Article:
Last Friday police put up photos of 114 recovered stolen bikes recovered by SFPD spokesperson Officer Carlos Manfredi says the bikes were recovered through an Ingleside Station investigation on May 17 from two locations, a residence on Charter Oak Avenue in Silver Terrace, and lockers in a self-storage unit on Coliseum Way near the Nimitz Freeway in Oakland. An 18-year-old suspect was taken into custody.
“A lot of these bikes are custom-made,” says Officer Manfredi. “That’s what makes them so expensive. A lot of people put a lot of time and effort into making their own bikes. Components can range into the thousands of dollars.”
The original posting of the photos by police was problematic in that the resolutions of enlarged versions weren’t good enough to identify the individual bikes. Yesterday, police re-posted the photos on Photobucket; photos of the bikes are below. Click on the “View All” tab to see rows of smaller images.
From police: If you believe one of the bikes may be yours, please contact Sgt. Kumli at 415-404-4048 or firstname.lastname@example.org (email is preferred).
Officer Manfredi says you can claim your stolen bike if you bring your case number from a filed police report. If you didn’t file a report, you’ll have to provide some proof that the bike belongs to you — something like a receipt, personal photographs of the bike, records from the store where you purchased it, or a serial number.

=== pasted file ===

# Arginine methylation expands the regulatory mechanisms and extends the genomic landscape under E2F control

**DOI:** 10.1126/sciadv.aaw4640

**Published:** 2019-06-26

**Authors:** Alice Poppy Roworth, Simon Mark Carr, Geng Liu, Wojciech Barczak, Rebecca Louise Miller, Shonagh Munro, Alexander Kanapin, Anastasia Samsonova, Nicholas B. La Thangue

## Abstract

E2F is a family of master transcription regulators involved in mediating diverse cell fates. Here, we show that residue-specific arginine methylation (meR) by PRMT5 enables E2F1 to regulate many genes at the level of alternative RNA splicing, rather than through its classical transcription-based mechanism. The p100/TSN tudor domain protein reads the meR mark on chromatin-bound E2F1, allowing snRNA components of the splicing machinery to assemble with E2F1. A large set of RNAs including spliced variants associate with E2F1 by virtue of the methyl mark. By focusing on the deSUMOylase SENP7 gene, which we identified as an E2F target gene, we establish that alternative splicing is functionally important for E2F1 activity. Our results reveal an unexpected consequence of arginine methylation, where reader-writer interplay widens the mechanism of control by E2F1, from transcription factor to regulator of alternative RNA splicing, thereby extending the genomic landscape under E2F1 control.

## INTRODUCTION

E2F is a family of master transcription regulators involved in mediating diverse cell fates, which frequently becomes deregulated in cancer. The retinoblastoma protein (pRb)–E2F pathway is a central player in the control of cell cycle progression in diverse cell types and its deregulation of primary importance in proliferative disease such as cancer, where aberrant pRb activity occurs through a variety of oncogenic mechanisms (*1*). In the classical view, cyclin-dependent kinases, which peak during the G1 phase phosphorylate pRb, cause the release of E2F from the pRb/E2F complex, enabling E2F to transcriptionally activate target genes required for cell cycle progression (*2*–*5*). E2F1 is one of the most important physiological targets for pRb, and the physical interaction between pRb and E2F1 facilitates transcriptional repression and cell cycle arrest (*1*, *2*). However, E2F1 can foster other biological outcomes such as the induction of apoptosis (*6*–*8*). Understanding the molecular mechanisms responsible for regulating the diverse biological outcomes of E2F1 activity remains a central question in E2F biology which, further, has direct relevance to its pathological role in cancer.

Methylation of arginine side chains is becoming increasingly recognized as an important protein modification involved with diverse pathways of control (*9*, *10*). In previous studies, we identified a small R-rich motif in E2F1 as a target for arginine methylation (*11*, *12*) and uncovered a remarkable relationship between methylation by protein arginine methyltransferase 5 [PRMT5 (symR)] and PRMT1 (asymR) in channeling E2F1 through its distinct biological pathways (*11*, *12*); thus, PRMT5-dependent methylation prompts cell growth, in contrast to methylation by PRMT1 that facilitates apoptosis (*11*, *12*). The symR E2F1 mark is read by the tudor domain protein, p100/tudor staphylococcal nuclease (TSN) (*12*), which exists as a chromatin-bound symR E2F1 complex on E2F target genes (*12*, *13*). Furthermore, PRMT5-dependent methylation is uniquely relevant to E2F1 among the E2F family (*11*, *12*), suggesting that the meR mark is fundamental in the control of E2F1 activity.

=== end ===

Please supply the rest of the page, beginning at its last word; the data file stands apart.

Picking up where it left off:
Apropos of this subject, I asked Andy Reed, operations manager at the worker-owned Box Dog Bikes in San Francisco, for some recommendations as to how to avoid becoming a statistic in the stolen bike database. Some tips:
- Use a brand name U-lock, as cable locks are easy to cut through.
- Lock your bike to something permanently attached to the ground like a parking meter or a bike rack. Locking it to scaffolding, small trees, or bannisters — no good.
- Lock it in a visible place where a lot of people pass by. For example, in front of the Metreon as opposed to behind it in the alley.
- Consider securing the wheels and seat, which are usually removable, to the bike frame. You can attach wheels with permanent locking bolts and seats with a locking skewer. Short of that, cable locks wrapped around wheels and seats will deter some thieves. (Andy says seats and wheels are stolen much more than the bikes themselves, and that people come into his shop “all day every day” with tales of these stolen components.)